Most skiers start out renting their gear then eventually make the investment to buy their own skis. “Investment” is the right word, because new skis are not cheap. As such, taking care of your skis makes sense to maximize their performance and longevity.
In-Season Ski Care
1. Dry off skis at the end of each day
Simply using a towel to wipe off the water from melted snow goes a long way to preventing rust on a ski edges or corrosion in the bindings. There’s really no excuse for skipping this 30-second chore that requires absolutely no technical expertise.
2. Smooth out burrs at the end of each day
If you run your thumb down each steel ski edge, you may feel some tiny nicks or minor scrapes from rock damage. Use a pocket stone to touch up any spots with imperfections.
3. Hot wax skis periodically
Unfortunately, there’s no simple answer to the “how often should I wax my skis” question. Nevertheless, the reality is that most recreational skiers don’t do it often enough. Cold snow tends to be more abrasive on ski bases, so a hot wax might be a good idea after just a few days. If you’re fortunate enough to ski powder for a full week or two, there might not be any need to visit the ski shop or break out your own iron.
When skis could use a hot wax, colored bases will look slightly cloudy. Traditional black bases will turn slightly grey or white when in need of a hot wax. When in doubt, a hot wax is not going to hurt. The hot wax process is easy for DIY-types. As long you don’t leave the hot iron in one spot too long, there’s really not any risk of messing up your skis.
4. Sharpen edges periodically
Like waxing, the necessary frequency for edge sharpening can vary depending on the situation. Lots of carving on hard, icy snow will dull the edges much faster than powder skiing. For average resort skiing, edges often need attention after 8-10 days. While frequent waxing really has no downside, edge sharpening does involve a finite lifespan for the skis. Filing the edges to sharpen them does actually remove some metal each time, so you wouldn’t want to do it every day.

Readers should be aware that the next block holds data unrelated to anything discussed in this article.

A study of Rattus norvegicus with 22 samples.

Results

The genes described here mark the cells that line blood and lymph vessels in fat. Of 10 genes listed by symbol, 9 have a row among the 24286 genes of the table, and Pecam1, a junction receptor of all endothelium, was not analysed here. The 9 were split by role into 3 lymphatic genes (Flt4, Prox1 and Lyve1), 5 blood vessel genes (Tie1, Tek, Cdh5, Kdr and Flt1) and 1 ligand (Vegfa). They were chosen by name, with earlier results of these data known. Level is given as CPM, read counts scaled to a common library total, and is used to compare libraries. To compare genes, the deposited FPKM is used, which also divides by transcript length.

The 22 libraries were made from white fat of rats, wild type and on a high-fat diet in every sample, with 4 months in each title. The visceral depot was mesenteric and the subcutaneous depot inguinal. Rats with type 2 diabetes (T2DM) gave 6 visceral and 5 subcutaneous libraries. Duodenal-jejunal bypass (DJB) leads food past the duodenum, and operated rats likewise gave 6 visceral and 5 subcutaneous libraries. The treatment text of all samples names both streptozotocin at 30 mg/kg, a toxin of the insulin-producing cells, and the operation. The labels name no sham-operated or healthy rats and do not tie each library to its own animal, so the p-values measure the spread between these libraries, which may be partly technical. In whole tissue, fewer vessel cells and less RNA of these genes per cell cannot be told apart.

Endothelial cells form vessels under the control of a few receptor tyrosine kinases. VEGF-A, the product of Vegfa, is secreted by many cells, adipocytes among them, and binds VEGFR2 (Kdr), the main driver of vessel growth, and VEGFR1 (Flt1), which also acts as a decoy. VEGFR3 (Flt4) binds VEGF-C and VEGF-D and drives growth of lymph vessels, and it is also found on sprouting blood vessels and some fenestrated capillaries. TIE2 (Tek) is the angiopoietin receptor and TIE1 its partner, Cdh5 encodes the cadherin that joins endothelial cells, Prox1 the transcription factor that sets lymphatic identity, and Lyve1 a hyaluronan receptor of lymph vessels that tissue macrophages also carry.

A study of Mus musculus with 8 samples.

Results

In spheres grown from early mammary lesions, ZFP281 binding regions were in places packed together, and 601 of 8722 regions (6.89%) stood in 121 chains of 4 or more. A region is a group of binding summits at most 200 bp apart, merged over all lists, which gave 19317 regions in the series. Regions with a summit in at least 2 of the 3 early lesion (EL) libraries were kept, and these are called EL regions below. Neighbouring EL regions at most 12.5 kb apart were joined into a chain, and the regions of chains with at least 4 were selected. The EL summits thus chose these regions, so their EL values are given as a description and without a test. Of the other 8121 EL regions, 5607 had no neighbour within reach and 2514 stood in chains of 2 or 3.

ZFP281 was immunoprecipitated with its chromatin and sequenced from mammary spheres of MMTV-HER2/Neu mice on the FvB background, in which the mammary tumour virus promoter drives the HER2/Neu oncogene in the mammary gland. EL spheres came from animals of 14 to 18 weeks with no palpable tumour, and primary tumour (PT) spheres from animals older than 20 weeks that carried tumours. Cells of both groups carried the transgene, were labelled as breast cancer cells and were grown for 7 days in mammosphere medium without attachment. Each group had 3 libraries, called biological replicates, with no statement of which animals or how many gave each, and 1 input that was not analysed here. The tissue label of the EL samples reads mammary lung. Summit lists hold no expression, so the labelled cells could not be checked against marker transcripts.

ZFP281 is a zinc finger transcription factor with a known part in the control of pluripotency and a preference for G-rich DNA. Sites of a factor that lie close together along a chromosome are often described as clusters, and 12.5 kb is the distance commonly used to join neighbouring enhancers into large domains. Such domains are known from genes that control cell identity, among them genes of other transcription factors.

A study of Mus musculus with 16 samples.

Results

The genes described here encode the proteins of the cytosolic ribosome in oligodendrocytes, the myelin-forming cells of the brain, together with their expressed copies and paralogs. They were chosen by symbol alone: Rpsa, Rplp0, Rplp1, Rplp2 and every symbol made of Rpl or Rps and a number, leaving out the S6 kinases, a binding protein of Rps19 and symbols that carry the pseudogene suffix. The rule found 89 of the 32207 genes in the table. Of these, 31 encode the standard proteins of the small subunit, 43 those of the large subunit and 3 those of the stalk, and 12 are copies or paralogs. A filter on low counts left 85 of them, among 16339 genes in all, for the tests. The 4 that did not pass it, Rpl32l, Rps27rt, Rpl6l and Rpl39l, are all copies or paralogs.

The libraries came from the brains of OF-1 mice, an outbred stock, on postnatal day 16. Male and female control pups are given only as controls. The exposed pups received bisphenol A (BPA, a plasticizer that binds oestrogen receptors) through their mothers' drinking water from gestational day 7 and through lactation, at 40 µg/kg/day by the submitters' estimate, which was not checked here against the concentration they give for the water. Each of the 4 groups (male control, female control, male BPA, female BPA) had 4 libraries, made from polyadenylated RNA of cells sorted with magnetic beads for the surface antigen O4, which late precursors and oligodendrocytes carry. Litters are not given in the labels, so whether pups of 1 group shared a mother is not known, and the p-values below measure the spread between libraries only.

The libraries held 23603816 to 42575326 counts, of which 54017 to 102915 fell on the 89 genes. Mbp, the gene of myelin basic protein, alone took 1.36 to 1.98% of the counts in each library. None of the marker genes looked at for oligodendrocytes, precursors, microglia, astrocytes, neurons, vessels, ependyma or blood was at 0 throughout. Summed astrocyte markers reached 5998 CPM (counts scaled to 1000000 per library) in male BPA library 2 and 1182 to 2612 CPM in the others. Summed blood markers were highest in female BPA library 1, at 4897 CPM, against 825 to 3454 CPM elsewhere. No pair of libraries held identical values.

Plenty of skiers do tune their side edges by hand themselves. However, the process is not quite as foolproof as waxing for the reason above that metal material is being filed off. With that in mind, many other skiers feel comfortable with DIY waxing but let the ski shop pros handle the edge sharpening.
Off-Season Ski Care
1. Wax skis before storing them
Cleaning the skis and then ironing in a coat of wax before the summer is a good idea. The beauty of this end-of-season chore is that the scraping step of waxing (the time-consuming part) is not even necessary. Just leave the thick coat of wax on the base and even dripped over the edges for protection. You can scrape off the wax and maybe iron in a coat of harder wax when you’re ready to go the next winter.
2. Store skis in a cool, dry place
If you live in a warm or humid climate, summer storage in a hot attic or garage is definitely not ideal. An air-conditioned spot away from direct sunlight such as an inside closet is a much better choice.
3. Adjust bindings (or don’t)
Some ski shops advise backing off the DIN settings on bindings to take pressure off the springs before putting skis away for the summer. However, the vast majority of recreational skiers probably don’t need to worry about this step as they have relatively low release settings.